Throughout the HOPE worldwide global community there are countless opportunities for volunteers to meet needs, whether it is for those in their own local community or across the globe in a majority nation. There are also several programs run by HOPE worldwide that many of our HOPE worldwide Canada young volunteers can get involved in to make a difference and grow in their leadership skills. One such program is the National Youth Advisory Council (NYAC). NYAC is for North American high school and post-secondary students who are trained to provide vision and creative solutions as servant leaders through meaningful, ongoing, relationship-oriented service to the materially poor and those in need. Council members aim to capture and share the heart of Jesus, journeying with orphaned, hungry, materially poor, elderly, sick, disaster-struck and broken-hearted people.
Oceane François-Saint-Cyr from our Montreal Chapter, age 16, has just this year been accepted into the NYAC program. We are excited for her and what she will learn in this year of training and meeting needs. We wanted to get to know her better and asked her some questions to see what drives her as a volunteer.
Where does your passion to serve come from?
Firstly, from a young age, I had the opportunity to participate in various HOPE worldwide activities with my parents and I was made aware of various needs in the community. Through those activities, I was also able to see how the gift of our time and our energy can have a real and tangible impact on those that we serve. As I grew older, I learnt that I am passionate about connecting with people, and that serving gives me a great opportunity to do so.
Finally, service has shown me that I am very blessed in my living condition. God has showered me with blessings and given me opportunities to give to those who are less fortunate, through service.
What has been your favourite service project?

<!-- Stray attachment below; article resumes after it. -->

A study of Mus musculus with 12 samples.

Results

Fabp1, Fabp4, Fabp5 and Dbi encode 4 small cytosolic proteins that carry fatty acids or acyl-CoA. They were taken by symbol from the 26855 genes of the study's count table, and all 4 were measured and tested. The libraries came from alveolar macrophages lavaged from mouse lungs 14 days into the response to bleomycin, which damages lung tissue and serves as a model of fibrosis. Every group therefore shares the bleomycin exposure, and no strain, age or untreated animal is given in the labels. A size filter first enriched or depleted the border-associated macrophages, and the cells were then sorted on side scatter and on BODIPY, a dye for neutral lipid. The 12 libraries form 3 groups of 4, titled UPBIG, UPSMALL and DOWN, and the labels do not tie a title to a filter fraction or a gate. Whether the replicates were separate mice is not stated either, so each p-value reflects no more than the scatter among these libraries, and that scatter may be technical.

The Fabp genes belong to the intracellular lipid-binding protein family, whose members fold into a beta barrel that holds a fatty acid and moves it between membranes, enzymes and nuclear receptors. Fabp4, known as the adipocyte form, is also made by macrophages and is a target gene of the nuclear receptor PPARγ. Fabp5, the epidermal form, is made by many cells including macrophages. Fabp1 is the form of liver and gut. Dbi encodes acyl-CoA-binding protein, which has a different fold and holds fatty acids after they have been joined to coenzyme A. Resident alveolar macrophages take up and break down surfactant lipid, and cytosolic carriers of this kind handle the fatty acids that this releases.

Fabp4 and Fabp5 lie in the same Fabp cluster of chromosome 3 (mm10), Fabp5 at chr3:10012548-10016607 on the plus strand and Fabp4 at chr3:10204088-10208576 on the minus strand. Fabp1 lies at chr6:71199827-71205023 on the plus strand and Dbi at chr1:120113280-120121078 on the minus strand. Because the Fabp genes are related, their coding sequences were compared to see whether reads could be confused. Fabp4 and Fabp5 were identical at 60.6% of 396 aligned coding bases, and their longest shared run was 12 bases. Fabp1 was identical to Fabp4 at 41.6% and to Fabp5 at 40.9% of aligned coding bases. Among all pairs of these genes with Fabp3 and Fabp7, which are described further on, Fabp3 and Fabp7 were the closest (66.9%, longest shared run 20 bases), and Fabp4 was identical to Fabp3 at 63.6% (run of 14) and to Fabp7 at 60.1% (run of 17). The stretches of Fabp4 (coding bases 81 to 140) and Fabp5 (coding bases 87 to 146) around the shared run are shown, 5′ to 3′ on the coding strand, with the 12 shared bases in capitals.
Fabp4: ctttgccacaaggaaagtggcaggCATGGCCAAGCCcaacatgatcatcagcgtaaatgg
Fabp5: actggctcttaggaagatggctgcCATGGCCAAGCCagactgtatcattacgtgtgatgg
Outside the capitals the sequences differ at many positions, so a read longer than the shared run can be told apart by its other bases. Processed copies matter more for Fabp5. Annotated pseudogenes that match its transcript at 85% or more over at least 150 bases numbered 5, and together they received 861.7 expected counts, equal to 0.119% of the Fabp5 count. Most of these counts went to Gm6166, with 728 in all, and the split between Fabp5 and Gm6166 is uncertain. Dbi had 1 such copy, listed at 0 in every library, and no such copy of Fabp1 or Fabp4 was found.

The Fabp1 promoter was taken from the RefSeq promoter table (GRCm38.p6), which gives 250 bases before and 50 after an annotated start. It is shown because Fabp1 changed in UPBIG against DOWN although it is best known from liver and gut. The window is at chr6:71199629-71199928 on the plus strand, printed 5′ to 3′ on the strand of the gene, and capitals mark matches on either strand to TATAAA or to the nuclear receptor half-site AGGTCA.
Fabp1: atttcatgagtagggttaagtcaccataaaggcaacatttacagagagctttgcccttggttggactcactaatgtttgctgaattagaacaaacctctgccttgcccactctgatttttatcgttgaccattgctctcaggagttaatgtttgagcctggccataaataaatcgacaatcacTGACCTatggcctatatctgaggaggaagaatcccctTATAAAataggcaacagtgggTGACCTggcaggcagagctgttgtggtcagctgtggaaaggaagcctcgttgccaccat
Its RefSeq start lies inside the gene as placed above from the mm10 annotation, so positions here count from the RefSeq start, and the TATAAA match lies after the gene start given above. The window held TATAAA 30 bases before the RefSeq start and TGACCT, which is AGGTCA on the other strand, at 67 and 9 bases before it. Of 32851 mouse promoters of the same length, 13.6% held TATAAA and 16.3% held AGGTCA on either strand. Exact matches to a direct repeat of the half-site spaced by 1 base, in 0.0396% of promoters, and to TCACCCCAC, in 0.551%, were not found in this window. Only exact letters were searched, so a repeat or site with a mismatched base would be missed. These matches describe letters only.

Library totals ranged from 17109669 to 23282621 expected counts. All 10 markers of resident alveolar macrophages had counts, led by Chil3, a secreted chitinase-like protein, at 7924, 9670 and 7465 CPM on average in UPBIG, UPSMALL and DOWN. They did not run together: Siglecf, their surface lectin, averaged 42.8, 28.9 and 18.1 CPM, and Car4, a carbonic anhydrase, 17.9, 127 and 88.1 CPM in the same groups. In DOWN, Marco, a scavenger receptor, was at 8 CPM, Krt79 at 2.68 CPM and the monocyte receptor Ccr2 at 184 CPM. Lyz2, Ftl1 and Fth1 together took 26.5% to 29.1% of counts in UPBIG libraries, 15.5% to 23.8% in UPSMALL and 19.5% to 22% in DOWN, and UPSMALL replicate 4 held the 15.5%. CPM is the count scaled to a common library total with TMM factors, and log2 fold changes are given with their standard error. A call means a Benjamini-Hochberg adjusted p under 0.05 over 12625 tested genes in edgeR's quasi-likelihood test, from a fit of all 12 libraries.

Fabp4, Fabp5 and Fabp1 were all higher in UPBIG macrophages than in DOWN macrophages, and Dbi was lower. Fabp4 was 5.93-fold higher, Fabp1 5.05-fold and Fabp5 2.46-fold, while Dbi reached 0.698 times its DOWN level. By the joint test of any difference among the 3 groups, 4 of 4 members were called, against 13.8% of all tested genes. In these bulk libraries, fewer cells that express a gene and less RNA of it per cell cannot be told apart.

It was definitely a trip that I took with my family to Indonesia in 2013, to help serve a community that was in need. Prior to the trip, my family and I collected some school supplies, soccer supplies and some medicine to deliver to a group of underprivileged children who were living in the slums of Jakarta. Not only was their neighbourhood flooded by the seasonal monsoon, but a couple weeks before our visit, they had suffered another disaster in the form of a fire. We were able to work in collaboration with the Jakarta HOPE worldwide chapter that was already involved in the situation. I was utterly amazed by the joy that these kids had, whilst living a life that seemed to be falling apart, simply to spend time with us and receive the little that we had to offer. It was very touching to see how something so very small, like a soccer ball, a notebook or a new backpack can bring someone so much joy. Moreover, it helped me understand that giving back to your community or helping someone in need doesn’t have to be something that costs thousands of dollars or requires hundreds of people to volunteer, it can be something as simple as a shared meal, a new shirt or a simple act of service.
Why did you join NYAC?
I decided to join NYAC because I knew that the program was designed to train students like me to be effective leaders and a servants in their local communities. I was also inspired by some of my friends who had participated on NYAC in previous years who had shared just how much this program helped them grow and learn tangible skills to be a leader wherever they are.
Why did you choose NYAC as a way to serve?
What I love about NYAC as opposed to any other program is that it is focused on helping the participants impact the people in need in their local communities. By focusing on my community, it provides a way to not only have a momentary impact to help those in need, but a sustainable one. It is much easier to get the involvement of public or private partners when the results are tangible and visible. Furthermore, I love the fact that NYAC is a year-long program, because it provides a helpful environment and the support needed for students who have a desire to serve, so that they can plan long term projects that will be more effective than small, personal, short term projects.
Who is your role model?I look up to GSIs (Global Service Interns) who run HOPE Volunteer Corps sites as role models. I am constantly amazed and inspired by all the hard work and effort they put into organizing and putting into motion a Hope Youth Corps or a Hope Volunteer Corps. It takes so much planning and determination and a true heart to serve to accomplish leading not only one but several different programs.